New Zealand will not follow the United States in relaxing blood donation laws for men who have sex with men (MSM).
The New Zealand Blood Service (NZBS) said they are aware the Food and Drug Administration (FDA) in the United States has reviewed and updated its deferral recommendations relating to MSM, changing the deferral period from 12-months to three months.
The spokesperson said the MSM policy change, based on data and recent studies, has been implemented to help support a safe and adequate supply of blood during the COVID-19 pandemic in the United States.
“NZBS is aware of reviews and changes to deferral policies taking place in a number of other countries,” NZBS Spokesperson said.
“We understand that this is an important issue and that it is essential that we ensure that we follow international best practice.”
“To that end, we are in the process of convening another independent review to reassess the medical and scientific evidence.”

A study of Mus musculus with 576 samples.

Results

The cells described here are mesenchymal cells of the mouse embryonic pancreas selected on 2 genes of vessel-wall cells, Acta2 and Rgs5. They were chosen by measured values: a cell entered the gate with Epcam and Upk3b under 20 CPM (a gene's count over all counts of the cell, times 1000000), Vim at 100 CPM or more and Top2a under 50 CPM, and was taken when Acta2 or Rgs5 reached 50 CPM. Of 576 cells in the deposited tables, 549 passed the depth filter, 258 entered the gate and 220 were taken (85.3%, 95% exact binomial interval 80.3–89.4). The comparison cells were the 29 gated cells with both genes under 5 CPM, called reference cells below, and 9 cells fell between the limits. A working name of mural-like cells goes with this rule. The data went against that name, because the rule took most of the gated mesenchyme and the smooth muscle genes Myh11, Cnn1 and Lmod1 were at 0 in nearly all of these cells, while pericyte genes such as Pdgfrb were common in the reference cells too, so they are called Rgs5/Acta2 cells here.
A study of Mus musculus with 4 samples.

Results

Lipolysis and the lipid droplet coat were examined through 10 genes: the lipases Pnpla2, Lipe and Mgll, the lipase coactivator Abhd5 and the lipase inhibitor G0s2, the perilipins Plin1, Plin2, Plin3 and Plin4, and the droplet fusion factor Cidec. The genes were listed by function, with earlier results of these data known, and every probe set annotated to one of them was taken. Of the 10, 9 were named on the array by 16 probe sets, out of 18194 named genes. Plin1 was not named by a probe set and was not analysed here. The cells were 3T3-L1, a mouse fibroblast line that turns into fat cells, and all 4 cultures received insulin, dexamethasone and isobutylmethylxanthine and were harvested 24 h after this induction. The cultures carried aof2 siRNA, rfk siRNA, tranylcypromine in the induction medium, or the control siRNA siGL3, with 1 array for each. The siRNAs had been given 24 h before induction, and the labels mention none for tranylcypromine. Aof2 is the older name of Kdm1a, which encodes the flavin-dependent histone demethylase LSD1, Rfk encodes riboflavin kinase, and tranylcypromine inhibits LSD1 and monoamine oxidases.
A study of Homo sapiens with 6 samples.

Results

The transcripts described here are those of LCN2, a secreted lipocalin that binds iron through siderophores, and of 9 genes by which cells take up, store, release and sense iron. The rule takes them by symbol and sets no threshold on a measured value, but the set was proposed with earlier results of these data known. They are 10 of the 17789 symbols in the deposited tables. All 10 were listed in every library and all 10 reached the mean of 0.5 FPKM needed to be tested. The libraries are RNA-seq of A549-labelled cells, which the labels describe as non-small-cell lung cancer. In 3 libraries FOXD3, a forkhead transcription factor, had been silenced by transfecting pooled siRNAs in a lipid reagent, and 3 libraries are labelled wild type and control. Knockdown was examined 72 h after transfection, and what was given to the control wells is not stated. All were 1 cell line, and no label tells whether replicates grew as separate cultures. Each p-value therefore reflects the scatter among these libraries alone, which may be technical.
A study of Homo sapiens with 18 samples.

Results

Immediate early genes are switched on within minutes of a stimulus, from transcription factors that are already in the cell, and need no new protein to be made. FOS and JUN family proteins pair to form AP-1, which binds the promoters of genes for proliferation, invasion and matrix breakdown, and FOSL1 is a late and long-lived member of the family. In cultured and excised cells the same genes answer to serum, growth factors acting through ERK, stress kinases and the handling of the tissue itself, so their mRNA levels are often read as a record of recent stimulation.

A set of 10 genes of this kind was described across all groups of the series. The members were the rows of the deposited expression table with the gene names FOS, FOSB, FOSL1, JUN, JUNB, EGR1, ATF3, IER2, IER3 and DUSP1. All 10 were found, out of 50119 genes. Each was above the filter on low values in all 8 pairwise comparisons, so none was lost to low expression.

“Such reviews take time and we would not expect any recommendations to be available until 2021.”
The last change to the New Zealand behavioural donor eligibility criteria was reviewed by an independent expert panel in 2014 where the deferral period for men who have sex with men was reduced from five years to 12 months.
As part of the 2014 review, it was recommended the criteria should be reviewed again when there was information which might materially affect future decisions.
“Any changes to NZBS’s behavioural donor eligibility criteria must involve an independent review that has then undergone further scientific peer review, with proposed changes accepted by the NZBS Board,” said NZBS Spokesperson.
“Compliance with New Zealand law, and Medsafe approval will be required before any changes can be implemented.”
“NZBS has a primary statutory responsibility to ensure the ongoing safety of blood and blood products provided in New Zealand.”
“Blood stock levels in New Zealand currently remain at a healthy level during the Level 4 COVID-19 lockdown period.”